The epic 1980 Wimbledon final that ended with John McEnroe's defeat by his idol, Bjorn Borg, is considered the greatest tennis match ever.Read more...
The epic 1980 Wimbledon final that ended with John McEnroe's defeat by his idol, Bjorn Borg, is considered the greatest tennis match ever. The U.S. Open final later that year, when McEnroe got his revenge, is considered the greatest U.S. Open ever. These two matches marked McEnroe's transformation from tennis player into an American icon, the high point of tennis's gigantic leap into the national consciousness, and the beginning of Borg's rapid and surprising decline. This book takes you back to that amazing summer at the height of the golden age of tennis.
- Includes fascinating details about John McEnroe and Bjorn Borg both on and off the court, from grueling practice sessions to late-night partying
- Packed with stories and anecdotes of top tennis players and coaches, including Vitas Gerulaitis, Mary Carillo, Lennart Bergelin, and others
- Highlights a pivotal moment in the evolution of the game?from quiet to loud, from wood to metal racquets, and from European to American dominance
- Written by veteran tennis writer and analyst Matthew Cronin
Whether you're a longtime tennis fan or a recent convert, Epic will give you a deeper understanding of the game and of two of the most amazing players ever to have played it.
Publishers Weekly® Reviews
- Reviewed in: Publishers Weekly, page .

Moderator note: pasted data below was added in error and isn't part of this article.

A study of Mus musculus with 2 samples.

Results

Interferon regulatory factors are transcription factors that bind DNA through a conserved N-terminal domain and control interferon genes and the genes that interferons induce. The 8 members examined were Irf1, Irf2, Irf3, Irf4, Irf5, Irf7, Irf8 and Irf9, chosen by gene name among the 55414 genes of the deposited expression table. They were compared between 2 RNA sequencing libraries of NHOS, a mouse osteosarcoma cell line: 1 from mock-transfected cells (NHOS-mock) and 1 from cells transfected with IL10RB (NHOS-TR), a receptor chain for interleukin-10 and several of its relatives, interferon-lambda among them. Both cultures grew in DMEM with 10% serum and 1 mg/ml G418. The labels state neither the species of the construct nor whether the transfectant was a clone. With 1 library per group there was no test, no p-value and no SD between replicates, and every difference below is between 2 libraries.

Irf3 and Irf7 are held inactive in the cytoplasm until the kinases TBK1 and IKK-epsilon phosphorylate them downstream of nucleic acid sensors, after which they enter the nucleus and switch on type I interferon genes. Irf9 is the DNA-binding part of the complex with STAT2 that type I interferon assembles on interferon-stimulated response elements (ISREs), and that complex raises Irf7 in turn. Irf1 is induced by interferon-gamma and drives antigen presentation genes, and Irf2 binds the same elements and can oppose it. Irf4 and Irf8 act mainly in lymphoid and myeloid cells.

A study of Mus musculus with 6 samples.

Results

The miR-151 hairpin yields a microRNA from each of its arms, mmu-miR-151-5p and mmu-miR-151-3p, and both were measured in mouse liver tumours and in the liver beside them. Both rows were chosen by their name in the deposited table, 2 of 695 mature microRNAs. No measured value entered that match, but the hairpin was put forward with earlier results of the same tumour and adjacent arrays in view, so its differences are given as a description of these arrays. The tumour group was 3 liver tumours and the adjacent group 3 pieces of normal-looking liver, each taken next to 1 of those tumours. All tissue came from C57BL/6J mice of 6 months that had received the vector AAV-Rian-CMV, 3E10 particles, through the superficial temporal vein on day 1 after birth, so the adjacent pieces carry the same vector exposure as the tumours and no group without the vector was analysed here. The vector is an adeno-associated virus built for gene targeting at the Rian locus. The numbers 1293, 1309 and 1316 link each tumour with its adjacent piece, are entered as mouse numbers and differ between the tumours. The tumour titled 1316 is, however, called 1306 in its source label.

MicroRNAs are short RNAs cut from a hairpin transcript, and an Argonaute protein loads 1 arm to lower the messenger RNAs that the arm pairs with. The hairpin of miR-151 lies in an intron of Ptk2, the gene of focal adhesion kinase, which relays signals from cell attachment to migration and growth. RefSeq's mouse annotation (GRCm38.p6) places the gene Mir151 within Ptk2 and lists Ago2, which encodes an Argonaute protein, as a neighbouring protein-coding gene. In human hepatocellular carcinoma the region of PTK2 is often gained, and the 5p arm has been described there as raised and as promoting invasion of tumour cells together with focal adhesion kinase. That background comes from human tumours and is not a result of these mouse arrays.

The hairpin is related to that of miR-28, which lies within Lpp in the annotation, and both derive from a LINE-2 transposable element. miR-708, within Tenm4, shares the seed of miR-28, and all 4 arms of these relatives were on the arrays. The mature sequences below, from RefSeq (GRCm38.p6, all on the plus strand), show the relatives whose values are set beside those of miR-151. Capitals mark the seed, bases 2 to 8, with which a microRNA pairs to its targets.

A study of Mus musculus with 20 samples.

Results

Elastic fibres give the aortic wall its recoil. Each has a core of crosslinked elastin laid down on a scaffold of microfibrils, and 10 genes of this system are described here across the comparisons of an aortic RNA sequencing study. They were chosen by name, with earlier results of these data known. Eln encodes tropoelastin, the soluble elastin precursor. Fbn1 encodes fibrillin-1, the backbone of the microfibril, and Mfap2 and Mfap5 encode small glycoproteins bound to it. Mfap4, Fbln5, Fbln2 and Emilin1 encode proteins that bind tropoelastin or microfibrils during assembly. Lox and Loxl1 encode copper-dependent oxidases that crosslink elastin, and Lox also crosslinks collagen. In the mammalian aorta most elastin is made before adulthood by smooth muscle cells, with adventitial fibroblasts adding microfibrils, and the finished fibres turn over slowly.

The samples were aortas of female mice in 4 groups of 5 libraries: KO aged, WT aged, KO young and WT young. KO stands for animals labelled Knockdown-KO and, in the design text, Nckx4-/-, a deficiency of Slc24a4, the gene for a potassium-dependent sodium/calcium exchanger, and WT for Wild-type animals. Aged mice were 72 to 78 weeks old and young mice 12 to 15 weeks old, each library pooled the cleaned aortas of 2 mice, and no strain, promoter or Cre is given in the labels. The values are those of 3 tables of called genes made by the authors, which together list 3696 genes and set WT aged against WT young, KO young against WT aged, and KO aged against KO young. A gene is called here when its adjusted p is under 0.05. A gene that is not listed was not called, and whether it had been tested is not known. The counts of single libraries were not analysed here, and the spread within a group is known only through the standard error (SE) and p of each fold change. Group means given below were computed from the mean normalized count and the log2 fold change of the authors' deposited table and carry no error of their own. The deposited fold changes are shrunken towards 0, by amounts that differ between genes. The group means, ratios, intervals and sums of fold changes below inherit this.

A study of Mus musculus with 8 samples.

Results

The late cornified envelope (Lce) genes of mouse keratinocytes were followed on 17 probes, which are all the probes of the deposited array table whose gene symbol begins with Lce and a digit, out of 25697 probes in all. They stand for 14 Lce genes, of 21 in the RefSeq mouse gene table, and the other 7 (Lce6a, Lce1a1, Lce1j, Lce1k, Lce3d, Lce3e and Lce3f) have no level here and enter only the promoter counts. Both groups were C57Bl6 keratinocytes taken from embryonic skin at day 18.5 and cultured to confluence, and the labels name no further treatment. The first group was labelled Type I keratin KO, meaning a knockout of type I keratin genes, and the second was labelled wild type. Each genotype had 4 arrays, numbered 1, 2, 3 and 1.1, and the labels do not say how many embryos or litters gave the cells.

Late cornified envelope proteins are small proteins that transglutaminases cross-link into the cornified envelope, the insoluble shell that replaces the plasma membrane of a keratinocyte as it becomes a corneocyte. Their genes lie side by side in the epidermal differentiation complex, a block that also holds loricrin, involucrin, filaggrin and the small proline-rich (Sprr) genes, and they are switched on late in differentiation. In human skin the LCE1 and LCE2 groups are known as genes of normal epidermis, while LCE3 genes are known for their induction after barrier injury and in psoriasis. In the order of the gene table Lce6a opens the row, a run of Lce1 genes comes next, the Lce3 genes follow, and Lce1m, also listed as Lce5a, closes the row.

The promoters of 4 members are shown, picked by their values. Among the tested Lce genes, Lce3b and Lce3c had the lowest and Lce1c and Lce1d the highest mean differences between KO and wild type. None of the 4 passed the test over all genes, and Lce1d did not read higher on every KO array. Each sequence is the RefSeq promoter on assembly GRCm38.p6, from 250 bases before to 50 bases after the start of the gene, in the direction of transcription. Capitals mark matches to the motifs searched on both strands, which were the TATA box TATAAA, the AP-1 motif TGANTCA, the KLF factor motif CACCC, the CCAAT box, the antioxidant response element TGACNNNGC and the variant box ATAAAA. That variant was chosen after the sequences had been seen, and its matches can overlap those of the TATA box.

- Review Date: 2011-05-16
- Reviewer: Staff
In the late 1970s, professional tennis held a firm grip on the United States, and no two players better personified the sport's growth than cool-as-ice Swede Borg and brash New Yorker McEnroe. In his first book, Fox Sports tennis columnist Cronin captures a series of pivotal events in the evolution of the sport from European to American dominance, from wood to metal racquets, and from staid players to a colorful cast of supporting characters including Ilie Nastase, Vitas Gerulaitis, Jimmy Connors, and Guillermo Vilas. Despite its misleading subtitle, Epic recounts much than that magical 1980 season, with the marathon 1980 Wimbledon final serving as Cronin's hook. In that match, the veteran Borg (en route to his record fifth consecutive Wimbledon title) outlasted the upstart Mac (who grew up with a Borg poster on his bedroom wall) in a five-set showdown. Chapters containing point-by-point analysis of that match take advantage of the author's seasoned knowledge of the game, and a lengthy denouement recounts Mac's revenge against Borg at the 1980 U.S. Open. Although it appears he didn't have personal access to his protagonists, Cronin gets to the heart of Borg's genius and explores the catalyst for McEnroe's ugly on-court temperament, while providing context with historical and pop-culture references and mostly avoiding melodramatic play-by-play prose. (Apr.)